Proper nutrition plays an important role at our drug and alcohol detox center
Both drugs and alcohol can do a real number on your body. They are often referred to as “mind altering” substances but you wouldn’t be wrong to call them “body altering” as well.
“Substance abuse generally leads to a lack of proper nutrition, either as a result of not eating enough throughout the day or eating foods that are low in necessary nutrients,” Alyssa Salz, MS, RD, LD, explains in a paper published in Today’s Dietitian. “Certain substances, such as stimulants, may suppress appetite and disrupt metabolic and neuroendocrine regulation, leading to improper calorie consumption and impaired nutrient processing. Other substances may lead to an increase in appetite, causing weight gain.”
It may be the weight gain or loss that you and those close to you notice, but the impact of poor nutrition resulting from addiction has very real consequences that won’t be so obvious.
“Nutrition is a process that serves two purposes: to provide energy and to maintain body structure and function. Food supplies energy and provides the building blocks needed to replace worn or damaged cells and the nutritional components needed for body function,” the National Institute on Alcohol Abuse and Alcoholism (NIAAA) explains. “Alcoholics often eat poorly, limiting their supply of essential nutrients and affecting both energy supply and structure maintenance.”
But that’s not all! The NIAAA goes on to say that, “Alcohol interferes with the nutritional process by affecting digestion, storage, utilization, and excretion of nutrients.” In other words, alcohol robs your body of the essentials it needs to function.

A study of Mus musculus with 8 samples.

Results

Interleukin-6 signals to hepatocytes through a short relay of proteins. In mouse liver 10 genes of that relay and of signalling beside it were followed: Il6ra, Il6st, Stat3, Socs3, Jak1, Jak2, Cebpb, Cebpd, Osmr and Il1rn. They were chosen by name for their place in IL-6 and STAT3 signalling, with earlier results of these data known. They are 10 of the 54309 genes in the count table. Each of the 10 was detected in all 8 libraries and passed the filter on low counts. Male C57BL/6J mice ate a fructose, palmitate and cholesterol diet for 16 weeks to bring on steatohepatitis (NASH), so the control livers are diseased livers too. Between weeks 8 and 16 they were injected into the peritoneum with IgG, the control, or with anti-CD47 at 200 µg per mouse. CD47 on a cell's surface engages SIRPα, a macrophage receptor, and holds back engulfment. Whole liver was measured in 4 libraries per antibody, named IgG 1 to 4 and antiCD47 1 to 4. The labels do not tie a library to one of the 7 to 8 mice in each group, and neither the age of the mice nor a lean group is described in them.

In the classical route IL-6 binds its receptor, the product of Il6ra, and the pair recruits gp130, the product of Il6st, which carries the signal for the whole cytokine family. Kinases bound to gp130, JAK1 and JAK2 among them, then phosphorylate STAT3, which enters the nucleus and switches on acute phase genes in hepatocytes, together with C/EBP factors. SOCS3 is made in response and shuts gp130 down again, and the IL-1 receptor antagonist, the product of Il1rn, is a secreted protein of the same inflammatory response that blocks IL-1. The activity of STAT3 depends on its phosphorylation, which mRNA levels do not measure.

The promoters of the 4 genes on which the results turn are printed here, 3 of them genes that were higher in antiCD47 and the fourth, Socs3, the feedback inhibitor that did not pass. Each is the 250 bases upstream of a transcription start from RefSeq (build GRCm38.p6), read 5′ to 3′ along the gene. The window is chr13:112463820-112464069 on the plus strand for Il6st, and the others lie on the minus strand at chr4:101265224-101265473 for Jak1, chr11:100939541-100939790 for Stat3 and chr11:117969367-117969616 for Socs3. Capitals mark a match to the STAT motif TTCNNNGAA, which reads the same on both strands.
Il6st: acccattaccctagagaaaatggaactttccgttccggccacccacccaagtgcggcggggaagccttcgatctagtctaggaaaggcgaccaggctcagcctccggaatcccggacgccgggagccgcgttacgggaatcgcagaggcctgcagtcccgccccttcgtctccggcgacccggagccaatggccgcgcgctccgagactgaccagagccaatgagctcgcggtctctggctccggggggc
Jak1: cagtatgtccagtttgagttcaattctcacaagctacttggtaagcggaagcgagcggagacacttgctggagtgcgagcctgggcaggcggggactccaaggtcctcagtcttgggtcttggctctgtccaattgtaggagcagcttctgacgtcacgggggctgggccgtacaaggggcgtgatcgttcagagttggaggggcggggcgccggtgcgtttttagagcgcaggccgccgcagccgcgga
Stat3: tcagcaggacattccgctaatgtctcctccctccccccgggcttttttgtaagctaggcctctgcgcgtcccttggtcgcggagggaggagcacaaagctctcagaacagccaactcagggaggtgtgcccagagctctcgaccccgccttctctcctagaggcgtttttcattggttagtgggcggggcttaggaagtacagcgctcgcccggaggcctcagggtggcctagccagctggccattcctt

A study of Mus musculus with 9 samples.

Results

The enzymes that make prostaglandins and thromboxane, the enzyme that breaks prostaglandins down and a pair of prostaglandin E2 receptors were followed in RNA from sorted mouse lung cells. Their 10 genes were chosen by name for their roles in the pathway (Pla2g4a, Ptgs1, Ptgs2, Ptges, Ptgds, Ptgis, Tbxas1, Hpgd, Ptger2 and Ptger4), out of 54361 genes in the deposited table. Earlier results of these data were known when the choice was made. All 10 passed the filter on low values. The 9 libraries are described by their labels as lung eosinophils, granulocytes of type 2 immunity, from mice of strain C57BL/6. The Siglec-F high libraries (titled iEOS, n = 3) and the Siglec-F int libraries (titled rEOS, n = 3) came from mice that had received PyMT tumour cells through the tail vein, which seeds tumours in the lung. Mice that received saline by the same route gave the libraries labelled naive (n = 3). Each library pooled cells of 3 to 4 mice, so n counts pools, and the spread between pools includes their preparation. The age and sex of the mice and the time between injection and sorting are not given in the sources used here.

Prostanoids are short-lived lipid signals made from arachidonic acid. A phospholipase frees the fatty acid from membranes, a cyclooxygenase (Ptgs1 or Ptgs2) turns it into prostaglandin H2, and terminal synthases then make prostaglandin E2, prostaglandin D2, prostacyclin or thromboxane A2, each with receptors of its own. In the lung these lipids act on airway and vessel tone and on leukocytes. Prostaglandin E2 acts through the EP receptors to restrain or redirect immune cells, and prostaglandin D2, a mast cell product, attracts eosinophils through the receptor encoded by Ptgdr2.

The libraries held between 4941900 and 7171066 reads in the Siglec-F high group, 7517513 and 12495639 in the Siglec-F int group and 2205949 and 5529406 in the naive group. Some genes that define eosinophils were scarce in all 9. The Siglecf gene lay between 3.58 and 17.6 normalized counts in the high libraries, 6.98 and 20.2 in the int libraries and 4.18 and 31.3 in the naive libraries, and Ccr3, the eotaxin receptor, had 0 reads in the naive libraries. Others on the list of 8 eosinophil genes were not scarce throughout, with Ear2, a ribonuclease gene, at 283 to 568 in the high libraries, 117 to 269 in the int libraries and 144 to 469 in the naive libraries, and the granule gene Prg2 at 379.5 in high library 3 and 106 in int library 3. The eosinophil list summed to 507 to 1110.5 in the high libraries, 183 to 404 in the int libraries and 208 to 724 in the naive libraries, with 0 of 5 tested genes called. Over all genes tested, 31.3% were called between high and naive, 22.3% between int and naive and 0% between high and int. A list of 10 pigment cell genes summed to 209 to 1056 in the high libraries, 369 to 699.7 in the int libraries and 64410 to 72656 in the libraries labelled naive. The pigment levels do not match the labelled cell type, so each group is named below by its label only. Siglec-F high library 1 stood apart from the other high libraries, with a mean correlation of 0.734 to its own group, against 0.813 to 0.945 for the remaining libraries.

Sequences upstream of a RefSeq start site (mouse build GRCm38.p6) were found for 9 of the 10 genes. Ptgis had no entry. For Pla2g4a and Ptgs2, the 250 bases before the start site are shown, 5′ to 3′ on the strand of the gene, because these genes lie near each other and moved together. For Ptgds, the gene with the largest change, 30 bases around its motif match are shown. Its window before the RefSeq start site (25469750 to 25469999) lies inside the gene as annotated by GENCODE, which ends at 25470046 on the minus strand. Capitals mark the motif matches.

By robbing your body of proper nutrition, alcohol can weaken your immune system. As the Department of Veterans Affairs (VA) reports, “A weaker immune system will have a harder time fighting off common infections (such as a cold), as well as HIV-related infections.”
Of course, alcohol isn’t the only addiction that’s harmful to your body. The VA goes on to say that, “Smoking marijuana (pot) or any other drug irritates the lungs. You may be more likely to get serious lung infections, such as pneumonia.”
According to the VA, “Other common recreational drugs, such as cocaine or crystal methamphetamine (“meth,” “speed”), can leave your body dehydrated and exhausted, as well as lead to skin irritation. All of these things can make it easier for you to get infections.”
Most people understand that alcohol abuse can seriously damage the liver, but not everyone knows that drugs are also a threat. “The organ in your body that alcohol and other drugs affect most is your liver. The liver rounds up waste from chemicals that you put in your body. Those chemicals include recreational drugs as well as prescription drugs,” the VA says. “A weaker liver means less efficient ‘housekeeping’ and, probably, a weaker you.”
Because the damage done to the body by drugs and alcohol is usually done gradually over time, those struggling with addiction may not have realized quite how much their illness has impacted their health. And that means they may not realize how much better they are going to feel once they are providing their body with the proper nutrition it needs.
At Spring Gardens Recovery Center in Florida, nutrition plays an important part in our alcohol and drug addiction treatment. It is one of the many ways we go above and beyond the typical Florida detox protocols. Vitamin and supplement infusions are also used to help the body heal and support your efforts at recovery. If you have questions about the many other ways Spring Gardens Alcohol and Drug Detox Center by Tampa can help you or your loved one, please call (866) 244-9556.
About the Author
Kelly Fitzgerald is a sober writer based in Southwest Florida who is best known for her personal blog The Adventures of a Sober Señorita. Her work has been published across the web including sites like The Huffington Post, Thought Catalog, Ravishly, SheKnows, Elite Daily, The Fix, Brit + Co, Addiction Unscripted and AfterPartyMagazine. She is currently writing a memoir.